OHSU’s Pandemic Economic Woes Largely Over

OHSU aerial view OHSU Aaron Bieleck.jpg

Oregon and the nation are still reeling from COVID-19, but Oregon Health & Science University has largely recovered from the pandemic’s financial hit, the latest budget report shows.

Aggregate patient activity -- total patient charges -- for July-December 2020 was off just 1.5% from the same period in 2019, noted CFO Lawrence Furnstahl in his report to the board of directors for its meeting slated for Thursday. OHSU recorded a profit of $49 million for the latest six months, compared with the $7 million loss it had budgeted, Furnstahl added.

Meanwhile, the flagship institution is moving ahead on “making OHSU an anti-racist organization,” the institution’s Center for Diversity and Inclusion said in a report to the board. The center enacted a policy that requires all members of admissions committees that oversee admission of students to OHSU programs to receive training in “unconscious bias and antiracism.” Also, OHSU will have faculty members monitor admissions committees that are outside their academic programs to make sure the panels follow “principles of diversity, equity and inclusion.” Some black and other minority employees, who have lambasted OHSU, saying it enables racism, were not persuaded that the new policy would have much effect.

Financially, OHSU is rebounding more quickly than expected, Furnstahl wrote.

At $49 million, the operating profit for July-December was closing in on the $60 million profit for the same period a year earlier.

Total patient charges for December actually topped by 1.2% the total patient charges for December 2019, according to the report.

To boot, OHSU’s enormous cushion of cash and investments continues to grow.

OHSU in 2020 received over $90 million from the federal government under the CARES Act, which OHSU booked as non-operating profit, meaning it is in addition to the operating profit, according to Furnstahl’s memo. Plus, OHSU received $200 million in interest-free loans from the federal government to help it through the pandemic.

With its finances recovering briskly, OHSU in December restored the salary cuts it imposed on some staff and faculty in July-September, Furnstahl said. That expense is included in the July-December financial results.

The federal CARES payments to hospitals nationwide have been criticized by some observers as unnecessary given the investment portfolios many hospital systems already hold. OHSU and its foundation have reserves totaling roughly $3 billion.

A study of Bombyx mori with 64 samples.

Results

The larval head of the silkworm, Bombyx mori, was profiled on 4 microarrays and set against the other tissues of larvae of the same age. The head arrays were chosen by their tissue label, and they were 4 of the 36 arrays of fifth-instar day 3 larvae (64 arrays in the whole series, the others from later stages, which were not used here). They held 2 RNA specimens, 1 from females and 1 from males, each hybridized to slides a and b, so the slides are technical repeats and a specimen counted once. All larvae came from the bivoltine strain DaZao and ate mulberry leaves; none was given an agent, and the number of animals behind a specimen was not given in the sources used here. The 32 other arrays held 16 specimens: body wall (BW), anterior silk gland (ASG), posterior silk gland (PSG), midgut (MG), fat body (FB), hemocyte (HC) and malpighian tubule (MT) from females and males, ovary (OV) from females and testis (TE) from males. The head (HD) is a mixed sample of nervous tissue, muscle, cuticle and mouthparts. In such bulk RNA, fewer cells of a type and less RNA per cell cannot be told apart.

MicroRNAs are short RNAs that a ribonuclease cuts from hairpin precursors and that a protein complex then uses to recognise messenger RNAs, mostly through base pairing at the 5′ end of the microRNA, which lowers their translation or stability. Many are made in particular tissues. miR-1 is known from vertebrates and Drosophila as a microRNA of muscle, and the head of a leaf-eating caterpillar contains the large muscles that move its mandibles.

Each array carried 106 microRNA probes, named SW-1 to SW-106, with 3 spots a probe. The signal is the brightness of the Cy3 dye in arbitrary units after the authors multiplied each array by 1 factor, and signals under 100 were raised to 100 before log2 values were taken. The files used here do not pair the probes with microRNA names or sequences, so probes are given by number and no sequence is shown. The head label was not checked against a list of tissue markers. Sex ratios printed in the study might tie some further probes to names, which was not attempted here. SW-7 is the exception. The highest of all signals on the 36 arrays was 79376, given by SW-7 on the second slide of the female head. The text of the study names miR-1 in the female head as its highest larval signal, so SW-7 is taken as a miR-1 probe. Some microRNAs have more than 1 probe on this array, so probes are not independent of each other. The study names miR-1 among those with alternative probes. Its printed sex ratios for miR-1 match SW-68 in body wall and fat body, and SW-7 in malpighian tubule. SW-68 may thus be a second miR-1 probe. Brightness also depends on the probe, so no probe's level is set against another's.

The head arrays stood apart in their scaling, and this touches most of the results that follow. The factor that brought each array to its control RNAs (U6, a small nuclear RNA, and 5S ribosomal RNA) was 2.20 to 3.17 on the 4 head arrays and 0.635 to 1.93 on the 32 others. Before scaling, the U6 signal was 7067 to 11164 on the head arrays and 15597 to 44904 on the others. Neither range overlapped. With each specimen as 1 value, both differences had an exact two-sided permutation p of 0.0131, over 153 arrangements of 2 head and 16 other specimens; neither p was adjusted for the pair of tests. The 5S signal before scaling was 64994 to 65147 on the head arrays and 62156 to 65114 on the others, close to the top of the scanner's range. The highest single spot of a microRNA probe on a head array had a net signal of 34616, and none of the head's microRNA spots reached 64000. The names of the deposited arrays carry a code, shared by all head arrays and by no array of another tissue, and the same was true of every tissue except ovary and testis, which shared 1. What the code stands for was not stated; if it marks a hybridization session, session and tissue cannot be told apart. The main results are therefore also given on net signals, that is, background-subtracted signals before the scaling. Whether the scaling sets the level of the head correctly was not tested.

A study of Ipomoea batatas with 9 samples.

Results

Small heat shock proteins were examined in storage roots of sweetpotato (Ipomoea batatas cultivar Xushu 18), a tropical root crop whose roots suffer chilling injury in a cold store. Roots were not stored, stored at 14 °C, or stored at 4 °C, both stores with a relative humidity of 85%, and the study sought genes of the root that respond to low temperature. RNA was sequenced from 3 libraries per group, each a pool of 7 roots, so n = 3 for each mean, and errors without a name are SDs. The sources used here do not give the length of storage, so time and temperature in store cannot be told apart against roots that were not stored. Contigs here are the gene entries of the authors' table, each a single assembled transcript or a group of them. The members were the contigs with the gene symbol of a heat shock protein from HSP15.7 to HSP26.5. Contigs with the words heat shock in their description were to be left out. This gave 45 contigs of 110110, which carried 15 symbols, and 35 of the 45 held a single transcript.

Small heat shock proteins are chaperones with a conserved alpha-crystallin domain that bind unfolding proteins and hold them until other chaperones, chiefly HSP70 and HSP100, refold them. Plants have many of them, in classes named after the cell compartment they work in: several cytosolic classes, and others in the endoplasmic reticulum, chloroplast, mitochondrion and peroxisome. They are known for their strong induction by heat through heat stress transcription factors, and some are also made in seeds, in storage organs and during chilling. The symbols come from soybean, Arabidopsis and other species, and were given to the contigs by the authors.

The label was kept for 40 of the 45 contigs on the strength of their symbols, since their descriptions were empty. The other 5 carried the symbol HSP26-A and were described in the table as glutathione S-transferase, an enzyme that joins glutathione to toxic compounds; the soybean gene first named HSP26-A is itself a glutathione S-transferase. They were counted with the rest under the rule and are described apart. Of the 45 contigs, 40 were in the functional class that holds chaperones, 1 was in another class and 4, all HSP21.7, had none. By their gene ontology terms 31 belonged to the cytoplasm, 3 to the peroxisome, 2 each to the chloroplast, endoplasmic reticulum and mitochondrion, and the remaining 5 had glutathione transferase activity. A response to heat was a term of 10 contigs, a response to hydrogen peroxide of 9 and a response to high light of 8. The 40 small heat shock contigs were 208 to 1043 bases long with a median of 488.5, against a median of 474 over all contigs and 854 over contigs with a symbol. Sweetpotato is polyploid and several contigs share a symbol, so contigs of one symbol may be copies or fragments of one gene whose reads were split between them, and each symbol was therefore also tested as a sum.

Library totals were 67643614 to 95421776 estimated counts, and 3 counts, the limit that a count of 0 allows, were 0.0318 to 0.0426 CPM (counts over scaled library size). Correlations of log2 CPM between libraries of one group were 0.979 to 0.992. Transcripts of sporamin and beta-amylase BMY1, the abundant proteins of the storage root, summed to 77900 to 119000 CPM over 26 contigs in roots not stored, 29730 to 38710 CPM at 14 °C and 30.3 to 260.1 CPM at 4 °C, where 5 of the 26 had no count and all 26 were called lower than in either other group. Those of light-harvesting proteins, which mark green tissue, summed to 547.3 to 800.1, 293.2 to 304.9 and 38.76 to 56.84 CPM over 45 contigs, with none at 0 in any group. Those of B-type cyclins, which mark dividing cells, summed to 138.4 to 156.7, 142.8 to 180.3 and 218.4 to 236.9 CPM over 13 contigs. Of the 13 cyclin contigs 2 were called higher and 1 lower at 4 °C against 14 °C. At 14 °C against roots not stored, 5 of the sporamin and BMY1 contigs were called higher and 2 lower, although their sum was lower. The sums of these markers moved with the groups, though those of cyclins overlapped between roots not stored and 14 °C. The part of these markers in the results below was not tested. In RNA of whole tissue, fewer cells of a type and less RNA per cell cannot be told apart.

OHSU still crimped on its spending somewhat in the July-December period: spending on non-medical supplies and services was down sharply, and OHSU did not give merit increases to faculty and managers.

“OHSU has preserved its underlying financial position, providing a firm platform to build back to where revenues cover both operations and new investments in people, programs and places on a sustainable basis,” Furnstahl concluded.

Anti-Racism And Unconscious Bias

On its anti-racism work, the Center for Diversity & Inclusion said its new policy on admissions committees, enacted in November, will create a “pool of trained observers” to report on the panels.

OHSU has increased its faculty recruitment package to $75,000, from $50,000 to try to attract faculty who are part of the BIPOC community comprising Blacks, indigenous people and people of color, wrote Derick Du Vivier, senior vice president of diversity, equity and inclusion.

The new policy defines anti-racism as “combating racism by changing systems, organizational structures, policies, practices and attitudes in order to promote racial justice and ensure that power is redistributed and shared equitably,” and says that unconscious bias stems from “a social stereotype about certain groups of people” that affect our interactions and decisions.

Some members of OHSU's faculty say that anti-bias training -- which is not new at the institution -- will do little to solve OHSU’s racist bent.

"What has the previous three years of training on unconscious bias accomplished?" asked one source who requested anonymity. "Black and Latino employees continue to depart OHSU, and that’s when they are even given employment opportunities. More training is not what is needed. Holding those accountable for racist behavior, and a change in leadership is what is needed."

You can reach Christian Wihtol at [email protected].